I tweeted this today and was asked to share my process by a couple of people. Here, in rough outline, is how I spend part of the first day of every class getting to know my students. It’s a pedagogical stance that has proved invaluable over the last fifteen years.
On the first day of class, I pass out index cards to my students. I ask them not to write their names on the cards. Instead, I write 5 probing and/or silly questions on the board (favorite historical figure, choice of superpower, best book or movie of the summer, why you chose your major, etc.) and give them time to write down their answers.
I collect the cards and pass them back out to others. I explain all of this beforehand; I don’t want anyone putting personal information on a card before they know it’s going to end up in someone else’s hands (learn from my experience: I’ve made this mistake before). Then everyone walks around to find the person whose card he/she has by asking only yes/no questions (but NOT “Is this your card?”). I ask students not to sit down until they’ve found their person AND the person with their card has found them.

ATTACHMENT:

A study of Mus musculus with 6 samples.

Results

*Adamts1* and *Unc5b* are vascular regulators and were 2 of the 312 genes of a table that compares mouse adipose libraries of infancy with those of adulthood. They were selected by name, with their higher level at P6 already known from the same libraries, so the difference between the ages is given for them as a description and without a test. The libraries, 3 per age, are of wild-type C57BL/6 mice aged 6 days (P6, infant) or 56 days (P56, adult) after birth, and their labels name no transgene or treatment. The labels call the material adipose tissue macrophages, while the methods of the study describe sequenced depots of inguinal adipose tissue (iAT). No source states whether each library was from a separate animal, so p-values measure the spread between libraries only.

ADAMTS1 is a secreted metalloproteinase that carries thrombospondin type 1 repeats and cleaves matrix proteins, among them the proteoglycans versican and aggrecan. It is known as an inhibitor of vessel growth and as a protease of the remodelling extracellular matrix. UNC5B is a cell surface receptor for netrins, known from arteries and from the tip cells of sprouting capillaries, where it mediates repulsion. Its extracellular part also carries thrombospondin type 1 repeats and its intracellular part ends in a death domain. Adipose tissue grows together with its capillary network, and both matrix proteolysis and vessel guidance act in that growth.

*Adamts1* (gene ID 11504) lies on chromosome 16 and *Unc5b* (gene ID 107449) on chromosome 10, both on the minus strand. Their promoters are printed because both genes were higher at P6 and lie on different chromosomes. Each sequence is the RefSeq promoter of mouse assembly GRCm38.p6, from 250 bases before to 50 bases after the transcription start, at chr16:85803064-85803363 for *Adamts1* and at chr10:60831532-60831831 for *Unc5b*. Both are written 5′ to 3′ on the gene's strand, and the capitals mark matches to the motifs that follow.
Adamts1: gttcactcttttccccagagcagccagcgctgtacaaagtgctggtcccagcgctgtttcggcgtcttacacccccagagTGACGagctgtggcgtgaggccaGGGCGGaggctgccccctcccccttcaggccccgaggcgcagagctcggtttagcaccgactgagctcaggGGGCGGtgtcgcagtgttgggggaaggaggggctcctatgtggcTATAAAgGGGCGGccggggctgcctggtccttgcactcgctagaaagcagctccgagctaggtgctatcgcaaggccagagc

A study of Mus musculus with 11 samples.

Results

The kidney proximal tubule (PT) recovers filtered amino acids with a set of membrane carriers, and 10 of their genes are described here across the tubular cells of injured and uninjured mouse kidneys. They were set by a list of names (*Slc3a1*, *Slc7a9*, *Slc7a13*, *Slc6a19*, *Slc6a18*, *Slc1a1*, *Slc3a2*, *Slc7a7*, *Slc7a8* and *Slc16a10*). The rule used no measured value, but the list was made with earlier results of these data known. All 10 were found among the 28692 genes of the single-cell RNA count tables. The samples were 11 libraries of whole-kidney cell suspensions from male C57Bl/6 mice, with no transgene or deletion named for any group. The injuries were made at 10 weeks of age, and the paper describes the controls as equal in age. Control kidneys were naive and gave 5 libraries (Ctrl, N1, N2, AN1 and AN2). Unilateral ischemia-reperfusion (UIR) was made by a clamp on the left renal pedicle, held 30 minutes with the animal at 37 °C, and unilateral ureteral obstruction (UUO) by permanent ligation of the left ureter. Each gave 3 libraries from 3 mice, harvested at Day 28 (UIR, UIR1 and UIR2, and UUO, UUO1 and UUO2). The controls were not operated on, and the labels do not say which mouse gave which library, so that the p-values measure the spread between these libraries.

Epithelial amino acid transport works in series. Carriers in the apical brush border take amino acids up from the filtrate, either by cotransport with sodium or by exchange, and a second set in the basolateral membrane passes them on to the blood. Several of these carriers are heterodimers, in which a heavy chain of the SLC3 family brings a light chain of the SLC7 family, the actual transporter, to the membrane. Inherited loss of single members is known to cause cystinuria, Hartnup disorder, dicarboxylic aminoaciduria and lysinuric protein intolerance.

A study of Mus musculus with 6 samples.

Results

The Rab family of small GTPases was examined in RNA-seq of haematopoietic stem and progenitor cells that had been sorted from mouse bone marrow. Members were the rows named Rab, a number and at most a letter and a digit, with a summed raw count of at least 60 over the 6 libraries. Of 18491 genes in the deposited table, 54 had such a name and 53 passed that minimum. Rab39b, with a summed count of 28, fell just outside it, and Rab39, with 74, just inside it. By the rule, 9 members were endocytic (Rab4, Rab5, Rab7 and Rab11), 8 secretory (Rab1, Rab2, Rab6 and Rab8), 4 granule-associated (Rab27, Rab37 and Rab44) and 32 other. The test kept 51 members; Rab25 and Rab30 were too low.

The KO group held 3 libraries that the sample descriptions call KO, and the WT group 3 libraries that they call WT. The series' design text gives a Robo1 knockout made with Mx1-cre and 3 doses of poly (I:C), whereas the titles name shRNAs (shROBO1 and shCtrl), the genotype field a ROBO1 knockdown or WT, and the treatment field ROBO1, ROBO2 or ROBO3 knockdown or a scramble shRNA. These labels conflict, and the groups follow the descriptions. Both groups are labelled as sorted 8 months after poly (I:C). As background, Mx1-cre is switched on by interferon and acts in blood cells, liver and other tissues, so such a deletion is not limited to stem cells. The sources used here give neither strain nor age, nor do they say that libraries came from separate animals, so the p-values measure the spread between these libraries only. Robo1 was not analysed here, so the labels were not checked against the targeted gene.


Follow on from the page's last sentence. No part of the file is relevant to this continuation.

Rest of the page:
Then, we all introduce each other (sometimes I throw a card with my information into the mix). I make ridiculously abstract notes on the roll sheet next to each person’s name (“Spiderman,” “went to Costa Rica,” “loves Hillary Clinton,” “hates the welfare system”) to start connecting their interests, their names, and their faces. I pause the introductions a lot to ask more questions. Everyone claps after every introduction. It sounds silly, but somehow, it works.
After that, students take their own cards back, and I ask them to give me names, alternate email addresses, and cell phone numbers (those are voluntary, but I explain why sometimes it’s helpful for me to have them). I also ask them to answer two key questions: 1. What have you always liked and/or hated about English classes, and 2. What might I need you to know about you, personal or not, as we go through this semester together?
Most people skip that last one. But here are some things I’ve gotten in the past: “I’m pregnant; I just found out,” “I have epilepsy,” or, “my mom is going through chemotherapy, sometimes I might have to miss class.”
Going through these at the beginning of the semester is invaluable. It helps me remember names (which I try to have completely down by the end of class #2), humanizes me to them and them to me, gives me useful personality and life situation data, and identifies potential problems, pitfalls, and hot button issues.
This process eats up lots of time on the first day (which is sometimes difficult), but I have never regretted doing it. I did it on my first day of teaching high school in 1999, and I have done it every other first day since. I hope that it reveals a little of my pedagogy to the class, that writing requires community and community requires personal investment, contribution, and curious, idiosyncratic details.